Don’t lament the youth. Millions of young adults around the world are helping to save lives every day. Martina Harris of American History High School in New Jersey is just one of these superstars. This past summer, she won the Miss Africa – New Jersey pageant. Miss Africa is an organization dedicated to women’s empowerment across the African diaspora. The contestants compete in categories like traditional wear, evening gowns, and swimwear as well as talent exhibitions. Harris is an outstanding spoken word poet. Her works have been published widely, and she is currently enrolled at St. Peter’s University (NJ). She took a few minutes to talk about her accomplishments with BK Nation.
Harris was introduced to the Miss Africa pageant by her sister, Sandra Seju. She met dozens of other young women through the organization representing nations as diverse as Ghana, Nigeria, and Cameroon. Harris represented her west African home, Liberia, in the pageant. In 2012, her writing won the Lincoln Scholarship essay contest, and her victory opened up dozens of new opportunities in her life. One of the most important chances came that summer when she attended the Oxbridge Academic Program’s “New York College Experience.” For four weeks, she took two college courses and studied with 150 of the most talented students from 40 different countries around the world at Barnard College, Columbia University.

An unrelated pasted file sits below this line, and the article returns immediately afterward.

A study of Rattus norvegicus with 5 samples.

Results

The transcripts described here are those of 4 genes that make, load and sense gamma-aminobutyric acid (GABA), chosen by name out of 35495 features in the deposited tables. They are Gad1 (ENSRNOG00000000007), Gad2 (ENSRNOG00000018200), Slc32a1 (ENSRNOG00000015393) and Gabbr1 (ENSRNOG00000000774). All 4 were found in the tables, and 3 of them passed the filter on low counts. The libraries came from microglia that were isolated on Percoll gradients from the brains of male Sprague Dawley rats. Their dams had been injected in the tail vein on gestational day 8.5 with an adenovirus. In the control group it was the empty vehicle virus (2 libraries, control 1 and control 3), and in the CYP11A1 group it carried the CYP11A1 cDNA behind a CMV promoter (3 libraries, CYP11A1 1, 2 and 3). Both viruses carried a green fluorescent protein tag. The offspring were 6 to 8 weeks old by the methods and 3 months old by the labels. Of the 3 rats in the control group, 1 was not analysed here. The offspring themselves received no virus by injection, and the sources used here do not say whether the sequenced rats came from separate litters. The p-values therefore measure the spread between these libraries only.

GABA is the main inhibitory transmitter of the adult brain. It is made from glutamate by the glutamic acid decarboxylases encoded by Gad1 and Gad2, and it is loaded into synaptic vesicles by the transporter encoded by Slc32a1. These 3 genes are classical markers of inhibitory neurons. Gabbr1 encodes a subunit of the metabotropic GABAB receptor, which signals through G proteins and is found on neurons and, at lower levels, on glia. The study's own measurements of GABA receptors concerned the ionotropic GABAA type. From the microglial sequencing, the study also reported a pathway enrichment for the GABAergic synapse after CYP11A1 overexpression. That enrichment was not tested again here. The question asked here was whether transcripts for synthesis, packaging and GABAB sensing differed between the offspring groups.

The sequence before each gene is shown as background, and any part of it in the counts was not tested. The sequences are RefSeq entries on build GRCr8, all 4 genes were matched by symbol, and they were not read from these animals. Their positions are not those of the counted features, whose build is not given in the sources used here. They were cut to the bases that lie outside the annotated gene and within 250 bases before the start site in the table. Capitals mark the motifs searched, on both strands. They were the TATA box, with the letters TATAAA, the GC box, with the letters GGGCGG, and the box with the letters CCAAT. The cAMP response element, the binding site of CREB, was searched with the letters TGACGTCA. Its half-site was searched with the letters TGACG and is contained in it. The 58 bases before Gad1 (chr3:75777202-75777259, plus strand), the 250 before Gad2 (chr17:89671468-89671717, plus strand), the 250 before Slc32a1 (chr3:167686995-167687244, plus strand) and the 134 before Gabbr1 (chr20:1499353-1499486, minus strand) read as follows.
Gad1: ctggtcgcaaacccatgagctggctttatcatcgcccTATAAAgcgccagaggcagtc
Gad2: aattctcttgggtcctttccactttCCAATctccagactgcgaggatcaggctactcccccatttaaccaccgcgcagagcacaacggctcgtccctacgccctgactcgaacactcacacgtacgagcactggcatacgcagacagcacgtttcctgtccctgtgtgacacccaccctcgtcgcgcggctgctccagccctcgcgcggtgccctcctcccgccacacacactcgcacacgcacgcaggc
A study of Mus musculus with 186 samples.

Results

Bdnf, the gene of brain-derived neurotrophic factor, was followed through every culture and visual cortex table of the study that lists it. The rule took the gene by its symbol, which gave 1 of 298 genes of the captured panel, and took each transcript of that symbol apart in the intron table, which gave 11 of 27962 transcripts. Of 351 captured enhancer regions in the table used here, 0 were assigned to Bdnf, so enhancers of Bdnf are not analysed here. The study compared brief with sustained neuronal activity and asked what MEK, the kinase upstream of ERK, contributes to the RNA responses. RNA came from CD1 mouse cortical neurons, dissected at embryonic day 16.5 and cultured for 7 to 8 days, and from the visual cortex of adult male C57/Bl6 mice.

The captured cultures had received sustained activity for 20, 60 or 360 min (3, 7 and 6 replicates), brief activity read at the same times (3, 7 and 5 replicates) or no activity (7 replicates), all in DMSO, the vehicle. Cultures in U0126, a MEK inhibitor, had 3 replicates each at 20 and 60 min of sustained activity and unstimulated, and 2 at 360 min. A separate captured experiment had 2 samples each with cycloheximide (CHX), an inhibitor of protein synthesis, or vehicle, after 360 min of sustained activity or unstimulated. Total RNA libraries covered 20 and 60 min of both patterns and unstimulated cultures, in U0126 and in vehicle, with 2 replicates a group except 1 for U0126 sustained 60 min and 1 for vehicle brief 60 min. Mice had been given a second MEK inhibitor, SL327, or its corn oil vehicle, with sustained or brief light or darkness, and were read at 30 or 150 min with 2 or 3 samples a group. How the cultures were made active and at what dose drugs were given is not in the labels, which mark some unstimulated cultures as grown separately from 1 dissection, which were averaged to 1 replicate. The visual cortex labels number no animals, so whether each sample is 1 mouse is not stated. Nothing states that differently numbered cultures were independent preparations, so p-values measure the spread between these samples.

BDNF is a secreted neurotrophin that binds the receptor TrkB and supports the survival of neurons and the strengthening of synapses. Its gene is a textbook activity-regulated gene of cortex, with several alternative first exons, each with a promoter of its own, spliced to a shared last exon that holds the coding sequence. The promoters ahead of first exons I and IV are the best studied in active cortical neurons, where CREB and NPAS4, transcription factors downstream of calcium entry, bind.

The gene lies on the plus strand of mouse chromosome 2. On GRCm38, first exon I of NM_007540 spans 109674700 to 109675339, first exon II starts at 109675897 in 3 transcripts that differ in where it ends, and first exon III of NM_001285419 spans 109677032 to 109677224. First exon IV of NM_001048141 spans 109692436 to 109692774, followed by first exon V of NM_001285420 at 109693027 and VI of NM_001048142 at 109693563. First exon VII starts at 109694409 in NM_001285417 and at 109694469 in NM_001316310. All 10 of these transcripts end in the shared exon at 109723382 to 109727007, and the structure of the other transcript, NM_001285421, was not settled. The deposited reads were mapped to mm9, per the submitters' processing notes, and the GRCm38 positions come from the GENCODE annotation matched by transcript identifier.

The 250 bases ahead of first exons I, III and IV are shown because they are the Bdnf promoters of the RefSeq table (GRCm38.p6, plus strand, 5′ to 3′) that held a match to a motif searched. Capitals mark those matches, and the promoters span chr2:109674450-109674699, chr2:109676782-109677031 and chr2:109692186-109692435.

As her knowledge and sense of purpose grew, Harris shaped a mission to address the health disparities on the African continent. This exposure shaped her mission pledge for the Miss Africa pageant this year. Harris works with a coalition to address the Ebola crisis by creating an activist platform to build a more effective clinical care system, especially in rural parts of the continent. The campaign is titled “Stronger than Ebola.” This commitment has carried over into her academic work at St. Peter’s, where she is a Political Science major with a minor in Social Justice.
Harris emphasized the importance of pan-African ideals in shaping her education. Leaders like Coretta Scott King had a special impact on her sense of purpose and identity. Harris described the ways that women like King built organizations like the Southern Christian Leadership Conference, yet did not receive the recognition for their efforts because they were not men or ministers. Going forward, she hopes to inspire young women and girls to make a difference in their families and communities. Harris said, “You can do anything and everything. Work constantly for your secret passion!”
Harris embodies the legacy of Kwame Ture, Elaine Brown, and Angela Davis. She is the heart of the Build Knowledge Nation project.